Wyoming Public Media

The University of Wyoming does a good job graduating students with developed critical thinking skills, according to a new report by the Wall Street Journal.  Out of 100 public colleges and universities who participated in the study, UW ranks 14th.  


Anne Alexander, Associate Vice President of Academic Affairs for Undergraduate Education, said UW’s improved performance in this area is most likely the result of the new general studies program implemented in 2015, which requires all students to take courses that teach creative thinking and problem-solving.   


Alexander said the curriculum is designed to prepare students to live engaged lives and to meet workforce demands.


“Employers need it. We’re seeing that. They are crying out for it. It’s problem-solving. It’s making your way through complex situations that may not have a single answer to them,” said Alexander.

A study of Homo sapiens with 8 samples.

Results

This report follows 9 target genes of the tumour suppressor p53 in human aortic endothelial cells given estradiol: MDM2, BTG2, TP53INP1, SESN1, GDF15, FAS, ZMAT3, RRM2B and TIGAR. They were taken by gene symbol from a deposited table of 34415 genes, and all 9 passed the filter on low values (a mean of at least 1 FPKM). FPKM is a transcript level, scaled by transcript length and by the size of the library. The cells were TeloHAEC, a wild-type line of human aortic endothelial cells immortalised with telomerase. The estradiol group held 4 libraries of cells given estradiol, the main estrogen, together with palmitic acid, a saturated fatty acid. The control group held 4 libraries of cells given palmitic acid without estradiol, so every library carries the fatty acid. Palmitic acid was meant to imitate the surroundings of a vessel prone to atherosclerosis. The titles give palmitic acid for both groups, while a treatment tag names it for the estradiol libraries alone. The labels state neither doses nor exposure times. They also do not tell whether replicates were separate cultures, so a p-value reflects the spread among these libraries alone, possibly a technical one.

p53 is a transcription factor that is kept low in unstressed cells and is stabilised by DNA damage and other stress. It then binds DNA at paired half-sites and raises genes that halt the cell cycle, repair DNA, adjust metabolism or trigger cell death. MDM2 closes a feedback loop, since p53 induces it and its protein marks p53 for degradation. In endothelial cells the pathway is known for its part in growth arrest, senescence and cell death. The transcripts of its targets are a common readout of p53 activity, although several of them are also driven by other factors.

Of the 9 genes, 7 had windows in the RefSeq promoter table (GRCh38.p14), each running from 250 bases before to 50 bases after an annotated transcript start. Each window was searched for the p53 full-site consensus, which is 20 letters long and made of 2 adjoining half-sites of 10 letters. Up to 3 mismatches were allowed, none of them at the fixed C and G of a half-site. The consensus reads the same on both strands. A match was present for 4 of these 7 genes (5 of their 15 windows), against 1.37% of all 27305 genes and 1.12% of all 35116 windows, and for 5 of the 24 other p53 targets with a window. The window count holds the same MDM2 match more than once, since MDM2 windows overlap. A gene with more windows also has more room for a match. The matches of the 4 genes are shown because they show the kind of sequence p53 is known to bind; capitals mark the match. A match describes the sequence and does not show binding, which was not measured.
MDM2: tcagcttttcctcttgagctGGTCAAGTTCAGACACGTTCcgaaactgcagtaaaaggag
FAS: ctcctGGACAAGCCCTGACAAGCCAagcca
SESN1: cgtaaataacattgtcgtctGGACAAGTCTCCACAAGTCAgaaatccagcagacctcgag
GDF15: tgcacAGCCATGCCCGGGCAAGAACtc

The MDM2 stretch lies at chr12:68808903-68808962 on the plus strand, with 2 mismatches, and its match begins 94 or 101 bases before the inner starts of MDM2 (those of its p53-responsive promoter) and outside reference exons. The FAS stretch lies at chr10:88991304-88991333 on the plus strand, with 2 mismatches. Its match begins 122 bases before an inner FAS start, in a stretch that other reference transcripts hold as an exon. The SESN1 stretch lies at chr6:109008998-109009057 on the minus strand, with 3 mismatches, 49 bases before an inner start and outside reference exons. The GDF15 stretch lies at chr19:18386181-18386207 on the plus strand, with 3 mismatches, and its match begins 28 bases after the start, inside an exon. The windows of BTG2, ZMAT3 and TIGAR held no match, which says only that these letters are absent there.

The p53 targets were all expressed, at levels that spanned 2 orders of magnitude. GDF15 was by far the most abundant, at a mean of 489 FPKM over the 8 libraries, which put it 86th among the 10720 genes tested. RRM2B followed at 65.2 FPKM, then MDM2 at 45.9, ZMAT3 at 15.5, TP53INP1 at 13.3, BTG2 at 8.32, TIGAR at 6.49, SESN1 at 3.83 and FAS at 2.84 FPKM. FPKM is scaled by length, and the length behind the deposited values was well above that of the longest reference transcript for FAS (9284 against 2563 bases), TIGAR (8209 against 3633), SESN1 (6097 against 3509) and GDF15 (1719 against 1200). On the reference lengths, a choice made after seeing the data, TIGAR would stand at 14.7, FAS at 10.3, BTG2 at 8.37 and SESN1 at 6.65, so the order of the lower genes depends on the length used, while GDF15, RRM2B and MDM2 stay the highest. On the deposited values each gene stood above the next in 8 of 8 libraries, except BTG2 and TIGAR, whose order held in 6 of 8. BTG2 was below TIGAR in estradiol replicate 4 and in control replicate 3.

“You’re seeing a lot more quick information flows, and employers are really saying we need people who know how to be critical thinkers.”


Data compiled by the Wall Street Journal indicates that 4 percent of UW seniors scored “below basic” on the exam, compared with 15 percent when they were freshmen. And the average score on the test improved by 96 points from when students were freshman to when they were seniors.


Tennessee -- despite what the name might make you think -- was born and raised in the Northeast. She most recently called Vermont home. For the last 15 years she's been making radio -- as a youth radio educator, documentary producer, and now reporter. Her work has aired on Reveal, The Heart, LatinoUSA, Across Women's Lives from PRI, and American RadioWorks. One of her ongoing creative projects is co-producing Wage/Working (a jukebox-based oral history project about workers and income inequality). When she's not reporting, Tennessee likes to go on exploratory running adventures with her mutt Murray.